Inquality.org, which is a portal for news and data about income inequality, has published a particularly well-presented paper, The Political History of American Inequality, by Colin Gordon, a professor of history at the University of Iowa who has focused on 20th century American public policy and political economy. I’ve sampled it, and it’s clear and engagingly written and has great interactive chart porn, as you can see (you can play with the charts below).
So how did we get here? Gordon’s overview:
This shared prosperity of the postwar years was no accident or lucky combination of circumstances. A “rising tide” of robust economic growth does not necessarily lift all boats. Political struggle and policy choices determine whose boats rise. The inequality of the 20th century’s early years actually began closing before economic growth took off in the 1940s, as a consequence of the political response to the Great Depression.
Thanks to this response, federal support for collective bargaining rights sustained a surge in labor organization that dramatically improving the bargaining power of America’s workers. Other political innovations of the New Deal—ranging from social security to the minimum wage—secured a floor for working class incomes. Postwar social movements, especially civil rights and “second wave” feminism, then girded that floor by closing off avenues for discrimination.
The nations’ tax system. meanwhile, and new regulatory obstacles to speculative finance erected something of a ceiling for higher incomes. And substantial public investments—the GI Bill support for access to higher education, mortgage subsidies for veterans, housing projects, the interstate highway system, and the Cold War—would kept the rest of the structure in pretty good repair.
Since then, that structure has essentially collapsed. The conventional wisdom describes this collapse as an unfortunate but necessary response to changing economic conditions. The world has become a leaner and meaner and more competitive place, so the argument goes. As a result, the policies of the New Deal—and the costs they imposed on business—had to go.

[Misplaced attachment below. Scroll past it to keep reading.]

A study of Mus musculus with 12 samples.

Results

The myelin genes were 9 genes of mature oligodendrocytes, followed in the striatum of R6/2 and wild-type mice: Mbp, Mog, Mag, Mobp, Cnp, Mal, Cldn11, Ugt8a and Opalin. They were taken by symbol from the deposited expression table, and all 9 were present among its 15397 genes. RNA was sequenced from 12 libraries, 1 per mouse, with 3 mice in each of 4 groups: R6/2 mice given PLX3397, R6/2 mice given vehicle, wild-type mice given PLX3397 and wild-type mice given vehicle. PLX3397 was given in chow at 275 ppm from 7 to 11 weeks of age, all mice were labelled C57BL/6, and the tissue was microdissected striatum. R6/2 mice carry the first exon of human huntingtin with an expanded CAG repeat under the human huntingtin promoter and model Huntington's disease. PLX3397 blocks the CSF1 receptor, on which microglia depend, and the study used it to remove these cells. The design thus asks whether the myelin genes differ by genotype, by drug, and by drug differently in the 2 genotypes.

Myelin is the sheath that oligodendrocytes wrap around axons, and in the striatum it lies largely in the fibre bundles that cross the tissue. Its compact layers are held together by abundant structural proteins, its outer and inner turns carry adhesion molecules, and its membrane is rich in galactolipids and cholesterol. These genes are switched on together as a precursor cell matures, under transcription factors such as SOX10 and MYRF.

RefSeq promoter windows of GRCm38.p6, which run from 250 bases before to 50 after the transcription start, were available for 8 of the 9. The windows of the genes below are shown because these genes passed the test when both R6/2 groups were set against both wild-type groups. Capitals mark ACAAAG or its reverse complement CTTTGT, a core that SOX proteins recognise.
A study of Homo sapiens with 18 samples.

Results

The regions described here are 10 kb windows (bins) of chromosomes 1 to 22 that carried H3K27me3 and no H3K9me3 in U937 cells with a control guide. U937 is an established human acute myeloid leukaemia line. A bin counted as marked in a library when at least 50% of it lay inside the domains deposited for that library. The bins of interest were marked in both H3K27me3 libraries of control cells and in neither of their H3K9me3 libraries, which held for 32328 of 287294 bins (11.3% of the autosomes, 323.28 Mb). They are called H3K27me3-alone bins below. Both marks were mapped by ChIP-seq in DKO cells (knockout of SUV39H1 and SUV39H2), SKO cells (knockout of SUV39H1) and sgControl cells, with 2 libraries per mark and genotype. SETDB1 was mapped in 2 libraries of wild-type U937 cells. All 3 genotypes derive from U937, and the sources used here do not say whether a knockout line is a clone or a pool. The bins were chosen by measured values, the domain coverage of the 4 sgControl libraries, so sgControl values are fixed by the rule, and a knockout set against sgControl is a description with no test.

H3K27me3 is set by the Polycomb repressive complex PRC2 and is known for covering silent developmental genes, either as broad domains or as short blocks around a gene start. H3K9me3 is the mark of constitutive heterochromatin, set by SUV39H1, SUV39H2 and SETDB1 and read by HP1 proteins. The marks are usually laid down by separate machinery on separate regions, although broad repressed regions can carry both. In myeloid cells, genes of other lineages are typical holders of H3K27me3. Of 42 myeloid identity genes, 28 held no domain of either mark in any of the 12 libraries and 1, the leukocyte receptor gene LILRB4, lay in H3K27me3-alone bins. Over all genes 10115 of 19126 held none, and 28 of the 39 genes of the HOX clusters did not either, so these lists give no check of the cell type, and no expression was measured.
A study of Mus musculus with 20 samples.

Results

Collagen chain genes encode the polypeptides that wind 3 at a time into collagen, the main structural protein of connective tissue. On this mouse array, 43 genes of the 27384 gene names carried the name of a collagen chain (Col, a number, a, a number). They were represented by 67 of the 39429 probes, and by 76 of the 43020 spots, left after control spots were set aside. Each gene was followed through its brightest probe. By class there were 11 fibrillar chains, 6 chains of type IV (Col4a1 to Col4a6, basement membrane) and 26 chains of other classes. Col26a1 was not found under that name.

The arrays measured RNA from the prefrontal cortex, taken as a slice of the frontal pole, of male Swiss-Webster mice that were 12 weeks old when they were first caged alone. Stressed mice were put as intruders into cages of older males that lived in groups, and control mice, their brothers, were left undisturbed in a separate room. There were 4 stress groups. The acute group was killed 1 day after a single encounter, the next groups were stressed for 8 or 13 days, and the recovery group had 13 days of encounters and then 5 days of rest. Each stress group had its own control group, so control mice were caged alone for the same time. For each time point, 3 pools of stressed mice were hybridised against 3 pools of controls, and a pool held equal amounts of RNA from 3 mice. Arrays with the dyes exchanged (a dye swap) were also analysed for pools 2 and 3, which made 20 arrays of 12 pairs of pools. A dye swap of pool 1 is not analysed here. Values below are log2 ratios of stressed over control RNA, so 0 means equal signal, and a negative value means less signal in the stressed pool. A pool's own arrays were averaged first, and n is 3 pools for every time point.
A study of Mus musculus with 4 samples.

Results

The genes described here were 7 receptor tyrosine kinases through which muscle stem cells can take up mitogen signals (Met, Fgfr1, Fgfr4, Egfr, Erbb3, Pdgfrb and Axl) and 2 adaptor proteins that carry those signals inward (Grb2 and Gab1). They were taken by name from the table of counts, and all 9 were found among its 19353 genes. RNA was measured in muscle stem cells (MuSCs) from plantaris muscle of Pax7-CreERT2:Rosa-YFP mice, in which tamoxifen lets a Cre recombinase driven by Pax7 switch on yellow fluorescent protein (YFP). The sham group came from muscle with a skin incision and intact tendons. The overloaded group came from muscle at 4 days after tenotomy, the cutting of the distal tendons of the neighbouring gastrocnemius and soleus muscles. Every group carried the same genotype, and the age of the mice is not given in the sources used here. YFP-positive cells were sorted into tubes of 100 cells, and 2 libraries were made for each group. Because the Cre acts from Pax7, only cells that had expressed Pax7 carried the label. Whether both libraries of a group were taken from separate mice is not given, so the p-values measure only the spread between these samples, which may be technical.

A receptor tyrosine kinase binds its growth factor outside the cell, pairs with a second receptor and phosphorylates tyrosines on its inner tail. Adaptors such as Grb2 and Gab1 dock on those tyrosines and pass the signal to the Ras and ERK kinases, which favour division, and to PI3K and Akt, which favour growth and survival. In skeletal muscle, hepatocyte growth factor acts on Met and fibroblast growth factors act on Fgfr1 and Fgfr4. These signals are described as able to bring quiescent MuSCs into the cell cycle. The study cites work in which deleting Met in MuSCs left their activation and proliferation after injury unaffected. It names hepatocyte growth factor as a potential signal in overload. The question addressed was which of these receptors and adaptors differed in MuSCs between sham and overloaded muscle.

But there is little evidence to actually support this account. Indeed the initial handwringing over American economic decline came at a time when our principal competitors, Japan and Germany, boasted both higher wages and more expansive social programs than the United States.6
Political choices, not economic necessity, dismantled the New Deal. Future Supreme Court Justice Lewis Powell would first sketch out the organizational and ideological dimensions these choices in a now infamous 1971 memorandum to friends at the American Chamber of Commerce. The conservative ascendance in state and national politics then etched these choices across the political landscape. The policy consequences have been dramatic: steep cuts in social spending, the political abandonment of organized labor, deregulation and privatization, tax cuts, punitive cycles of unemployment—all justified in the name of lowering business costs, capturing economic efficiencies, and unleashing markets.
But these lofty aims camouflage the real policy goal of the pushback against the New Deal: a redistribution of income upwards via the erosion of the hard-earned bargaining power of ordinary Americans. Rising inequality was not a lamentable side effect of America’s new policy framework. Rising inequality was its intent.
Gordon shows how unequal the US is by world standards:
And the paper drills down into issues like wage structure and benefits (one of multiple data arrays):
… mobility, race and gender gaps:
He also includes a short talk on how America’s wealth distribution stacks up relative to what Americans think is desirable:
Mind you, I’ve only give you some tidbits from this paper. It manages the difficult task of being well argued, accessible, concise and data rich. I strongly encourage you to share it widely.